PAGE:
The Royal College of Nursing (RCN) has criticised Prime Minister Boris Johnson for some time now over his stance around NHS staffing levels. The view has now been reinforced with the news that troops are being deployed to London hospitals as the NHS grapples with staff shortages.
Around 200 military personnel, medics and general assistants, have been sent in to the hospitals to help doctors and nurses with patient care and to fill gaps in other critical non-medical areas.
Patricia Marquis, the RCN’s Director for England, said: “The prime minister and others can no longer be dismissive of questions about the ability of NHS staff to deliver safe care.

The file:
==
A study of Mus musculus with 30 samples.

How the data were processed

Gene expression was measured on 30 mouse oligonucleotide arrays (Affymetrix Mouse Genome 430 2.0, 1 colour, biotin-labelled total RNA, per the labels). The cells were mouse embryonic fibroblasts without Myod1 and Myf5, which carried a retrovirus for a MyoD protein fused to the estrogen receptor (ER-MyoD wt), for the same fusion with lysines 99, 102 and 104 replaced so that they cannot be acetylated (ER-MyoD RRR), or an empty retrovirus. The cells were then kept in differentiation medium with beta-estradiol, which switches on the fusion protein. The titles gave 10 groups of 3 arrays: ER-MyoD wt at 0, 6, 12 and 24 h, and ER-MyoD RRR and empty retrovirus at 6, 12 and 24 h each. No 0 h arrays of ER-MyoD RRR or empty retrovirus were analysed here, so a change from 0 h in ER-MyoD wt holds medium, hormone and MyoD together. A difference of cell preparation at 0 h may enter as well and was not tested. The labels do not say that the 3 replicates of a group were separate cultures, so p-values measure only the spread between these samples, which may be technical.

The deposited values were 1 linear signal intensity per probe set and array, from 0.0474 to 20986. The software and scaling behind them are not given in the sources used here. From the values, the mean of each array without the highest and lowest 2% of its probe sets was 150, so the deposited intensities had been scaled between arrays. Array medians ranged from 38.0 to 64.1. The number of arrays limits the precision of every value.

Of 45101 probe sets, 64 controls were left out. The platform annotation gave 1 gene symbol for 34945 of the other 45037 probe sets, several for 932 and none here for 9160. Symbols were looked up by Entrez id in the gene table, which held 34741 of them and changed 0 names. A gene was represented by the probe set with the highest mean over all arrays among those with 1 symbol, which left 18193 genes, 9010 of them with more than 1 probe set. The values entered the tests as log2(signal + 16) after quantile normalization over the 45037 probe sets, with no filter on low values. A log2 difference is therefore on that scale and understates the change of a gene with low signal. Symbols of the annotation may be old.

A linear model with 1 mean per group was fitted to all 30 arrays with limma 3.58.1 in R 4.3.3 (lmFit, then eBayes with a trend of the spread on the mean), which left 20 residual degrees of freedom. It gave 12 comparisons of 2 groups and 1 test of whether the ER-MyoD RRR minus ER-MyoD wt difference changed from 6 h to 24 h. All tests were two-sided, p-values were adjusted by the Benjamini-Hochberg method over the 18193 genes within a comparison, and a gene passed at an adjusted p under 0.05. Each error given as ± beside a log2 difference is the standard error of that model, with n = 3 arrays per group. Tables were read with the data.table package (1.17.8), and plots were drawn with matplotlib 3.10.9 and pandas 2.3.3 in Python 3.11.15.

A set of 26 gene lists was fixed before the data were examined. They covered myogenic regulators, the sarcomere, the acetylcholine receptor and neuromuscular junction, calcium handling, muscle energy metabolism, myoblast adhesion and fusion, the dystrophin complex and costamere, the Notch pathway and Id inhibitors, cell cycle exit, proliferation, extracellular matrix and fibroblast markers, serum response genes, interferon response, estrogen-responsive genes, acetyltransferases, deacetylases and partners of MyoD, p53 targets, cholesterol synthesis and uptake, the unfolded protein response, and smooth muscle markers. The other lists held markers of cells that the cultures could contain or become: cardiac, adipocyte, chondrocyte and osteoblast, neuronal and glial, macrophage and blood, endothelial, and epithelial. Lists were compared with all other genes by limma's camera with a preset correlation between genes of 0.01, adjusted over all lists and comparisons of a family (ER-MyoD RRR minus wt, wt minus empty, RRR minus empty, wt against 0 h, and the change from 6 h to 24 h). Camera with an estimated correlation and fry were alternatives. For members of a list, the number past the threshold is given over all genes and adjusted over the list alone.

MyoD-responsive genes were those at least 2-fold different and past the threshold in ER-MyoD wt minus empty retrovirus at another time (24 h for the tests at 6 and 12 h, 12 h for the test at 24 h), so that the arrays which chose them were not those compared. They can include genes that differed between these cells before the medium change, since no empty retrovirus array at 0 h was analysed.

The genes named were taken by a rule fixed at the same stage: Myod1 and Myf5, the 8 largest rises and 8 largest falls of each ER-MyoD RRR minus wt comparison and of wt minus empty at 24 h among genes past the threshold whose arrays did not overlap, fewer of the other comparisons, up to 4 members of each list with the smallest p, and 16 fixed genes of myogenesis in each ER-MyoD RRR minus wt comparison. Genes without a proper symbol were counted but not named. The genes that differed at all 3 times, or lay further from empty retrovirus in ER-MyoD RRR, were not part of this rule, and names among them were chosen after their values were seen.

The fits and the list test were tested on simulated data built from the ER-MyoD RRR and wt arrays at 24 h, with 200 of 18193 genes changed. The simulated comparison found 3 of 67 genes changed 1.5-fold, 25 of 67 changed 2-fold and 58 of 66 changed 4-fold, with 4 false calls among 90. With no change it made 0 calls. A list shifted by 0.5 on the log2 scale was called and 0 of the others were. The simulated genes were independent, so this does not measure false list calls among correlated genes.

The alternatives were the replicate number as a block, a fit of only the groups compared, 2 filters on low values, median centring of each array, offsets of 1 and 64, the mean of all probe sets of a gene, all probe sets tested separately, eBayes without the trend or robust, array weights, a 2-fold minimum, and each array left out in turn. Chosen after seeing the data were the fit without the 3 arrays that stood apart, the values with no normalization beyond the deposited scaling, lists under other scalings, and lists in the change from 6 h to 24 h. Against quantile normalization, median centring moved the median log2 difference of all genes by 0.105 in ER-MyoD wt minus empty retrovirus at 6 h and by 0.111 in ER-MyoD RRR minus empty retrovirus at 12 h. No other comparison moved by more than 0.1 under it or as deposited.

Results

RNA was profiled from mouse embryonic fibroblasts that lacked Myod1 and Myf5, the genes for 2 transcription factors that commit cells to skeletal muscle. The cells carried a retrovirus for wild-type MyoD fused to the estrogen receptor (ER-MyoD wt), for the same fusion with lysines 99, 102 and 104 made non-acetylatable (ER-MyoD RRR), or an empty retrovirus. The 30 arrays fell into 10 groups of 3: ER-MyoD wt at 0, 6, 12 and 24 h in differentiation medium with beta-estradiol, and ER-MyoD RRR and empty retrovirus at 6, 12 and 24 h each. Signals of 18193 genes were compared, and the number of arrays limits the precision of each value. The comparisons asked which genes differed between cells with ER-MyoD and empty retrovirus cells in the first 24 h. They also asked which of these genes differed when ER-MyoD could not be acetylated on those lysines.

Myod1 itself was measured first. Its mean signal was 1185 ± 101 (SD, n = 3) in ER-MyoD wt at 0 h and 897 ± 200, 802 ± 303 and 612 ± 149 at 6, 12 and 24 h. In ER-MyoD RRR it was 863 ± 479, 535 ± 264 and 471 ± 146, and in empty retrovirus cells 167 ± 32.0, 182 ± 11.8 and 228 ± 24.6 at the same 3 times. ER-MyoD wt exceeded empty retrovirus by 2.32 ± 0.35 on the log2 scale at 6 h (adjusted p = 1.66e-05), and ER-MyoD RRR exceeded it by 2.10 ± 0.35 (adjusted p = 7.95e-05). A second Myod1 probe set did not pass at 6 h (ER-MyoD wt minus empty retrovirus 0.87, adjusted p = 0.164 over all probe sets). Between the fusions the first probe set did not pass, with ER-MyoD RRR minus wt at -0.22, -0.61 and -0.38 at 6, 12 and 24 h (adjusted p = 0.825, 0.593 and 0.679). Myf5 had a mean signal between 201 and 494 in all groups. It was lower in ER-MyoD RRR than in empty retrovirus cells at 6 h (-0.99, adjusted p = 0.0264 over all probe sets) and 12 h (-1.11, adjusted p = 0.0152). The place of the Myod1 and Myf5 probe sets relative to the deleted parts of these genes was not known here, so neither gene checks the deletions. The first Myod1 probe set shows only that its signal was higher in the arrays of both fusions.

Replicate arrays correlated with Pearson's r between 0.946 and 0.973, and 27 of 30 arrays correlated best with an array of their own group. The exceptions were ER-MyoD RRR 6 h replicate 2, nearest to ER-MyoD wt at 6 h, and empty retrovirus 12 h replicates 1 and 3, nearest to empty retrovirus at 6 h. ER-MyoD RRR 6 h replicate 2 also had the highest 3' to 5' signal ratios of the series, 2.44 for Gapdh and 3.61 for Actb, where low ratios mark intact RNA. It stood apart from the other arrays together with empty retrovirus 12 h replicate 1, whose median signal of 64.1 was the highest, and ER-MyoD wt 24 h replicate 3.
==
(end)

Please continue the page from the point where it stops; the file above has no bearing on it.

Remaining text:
“Once the military has been brought in, where does the government turn next in a bid to ‘ride out’ the wave rather than deal with it?”
Some 17 hospital trusts in England have declared critical incidents, signalling fears that patients safety is being put at risk with their ability to deliver priority services compromised.
According to the Ministry of Defence the 200 military personnel will be “on task” for three weeks in addition to the 32 military co-responders provided to support the South Central Ambulance Service.
The 200 troops employed to London hospitals is in addition to around 1,800 service personnel are already deployed across the UK to support the civil authorities in their response to the pandemic.
They include 313 personnel assisting the Welsh Ambulance Service NHS Trust and 96 with the Scottish Ambulance Service, while more than 1,000 are helping the vaccine booster programme.